In 2013, the Canadian Institute for Work and Health found that men and women who worked night shifts are more likely to experience injuries than those who worked other shifts. A quick glance at a study like that would elicit an expectation that those who work later would be more likely to be injured, but why? What is it about working later shifts that put workers in a lot of industries at risk for injury?
The Industries That Are Generally Affected
The most common industries that saw increases in injuries at night were EMTs, police, fire fighters, construction, and hospital workers. While there does not appear to be any common ground between these industries, there are certain aspects of worker safety these industries share that are compromised when the work takes place at night.
The most obvious problem with night work is the visibility. Every industry that works at night equips its workers with tools to see better at night, but that lack of total natural light offers a significant lack of important background light that any worker needs to be safe. There is a big difference to having a worker’s perimeter lit up by natural light at all times and trying to stay safe with the limited abilities of a flashlight.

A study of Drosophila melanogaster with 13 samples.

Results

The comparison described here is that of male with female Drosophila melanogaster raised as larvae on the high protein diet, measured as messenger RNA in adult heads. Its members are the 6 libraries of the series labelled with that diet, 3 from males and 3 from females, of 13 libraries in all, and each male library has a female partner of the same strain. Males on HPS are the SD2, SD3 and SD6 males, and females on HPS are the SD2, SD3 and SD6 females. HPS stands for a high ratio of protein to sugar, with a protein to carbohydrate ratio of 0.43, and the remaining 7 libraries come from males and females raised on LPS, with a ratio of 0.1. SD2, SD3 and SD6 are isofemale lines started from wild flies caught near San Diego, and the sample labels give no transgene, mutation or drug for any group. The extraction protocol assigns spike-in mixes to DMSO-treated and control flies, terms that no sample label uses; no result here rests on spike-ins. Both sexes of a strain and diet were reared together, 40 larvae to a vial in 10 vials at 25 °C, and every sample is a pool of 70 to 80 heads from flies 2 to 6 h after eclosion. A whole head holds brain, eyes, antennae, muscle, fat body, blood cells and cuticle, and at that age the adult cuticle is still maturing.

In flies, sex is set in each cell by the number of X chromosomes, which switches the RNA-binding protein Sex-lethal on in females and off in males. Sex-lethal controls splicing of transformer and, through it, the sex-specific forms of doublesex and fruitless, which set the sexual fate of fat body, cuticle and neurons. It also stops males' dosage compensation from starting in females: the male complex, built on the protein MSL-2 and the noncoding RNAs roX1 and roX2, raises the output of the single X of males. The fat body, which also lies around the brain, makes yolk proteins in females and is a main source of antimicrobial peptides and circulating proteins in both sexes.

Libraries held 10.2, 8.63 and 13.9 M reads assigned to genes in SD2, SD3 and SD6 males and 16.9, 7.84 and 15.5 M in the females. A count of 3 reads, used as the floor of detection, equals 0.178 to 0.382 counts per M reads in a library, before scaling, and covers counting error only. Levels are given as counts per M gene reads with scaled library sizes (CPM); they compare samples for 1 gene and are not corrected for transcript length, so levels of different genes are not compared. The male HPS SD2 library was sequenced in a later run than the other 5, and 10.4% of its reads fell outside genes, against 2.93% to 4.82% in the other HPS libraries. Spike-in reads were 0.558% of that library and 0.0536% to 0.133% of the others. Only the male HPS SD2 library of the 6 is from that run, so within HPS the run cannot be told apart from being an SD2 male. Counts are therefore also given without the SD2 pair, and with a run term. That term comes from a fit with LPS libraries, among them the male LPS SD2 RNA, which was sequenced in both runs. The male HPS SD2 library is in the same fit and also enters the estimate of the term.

Bad weather can help to make night work even more dangerous. Not only does bad weather make the conditions slippery and dangerous, but it also makes visibility even worse. Significant snow or rain during a night shift where the work is done outdoors can add to the potential for worker injury.
Lack Of Help
With most night shifts, the personnel at work is lower in number than other shifts. Most industries put the least amount of workers on a night shift as possible to keep costs down. But when the staff numbers are low, there are less workers to look out for each other and less workers to help keep conditions safe. When the staff levels are lower, that also means that there are a lower number of safety-related personnel working to help monitor the work site.
There is a spotlight that goes on the personnel issue when workers call in sick for the night. A shift that is already low on the required personnel can significantly increase the danger for night work when workers call off unexpectedly for the night.
Science has shown that working a night shift in a diverse list of industries can increase the chances for worker injuries. Considering that many of the factors that increase danger are either related to the weather or darkness, there is only so much companies can do to make workers safe. But with cooperation between workers and employers, there are steps that can be taken to keep the night shift safe while they are doing their job.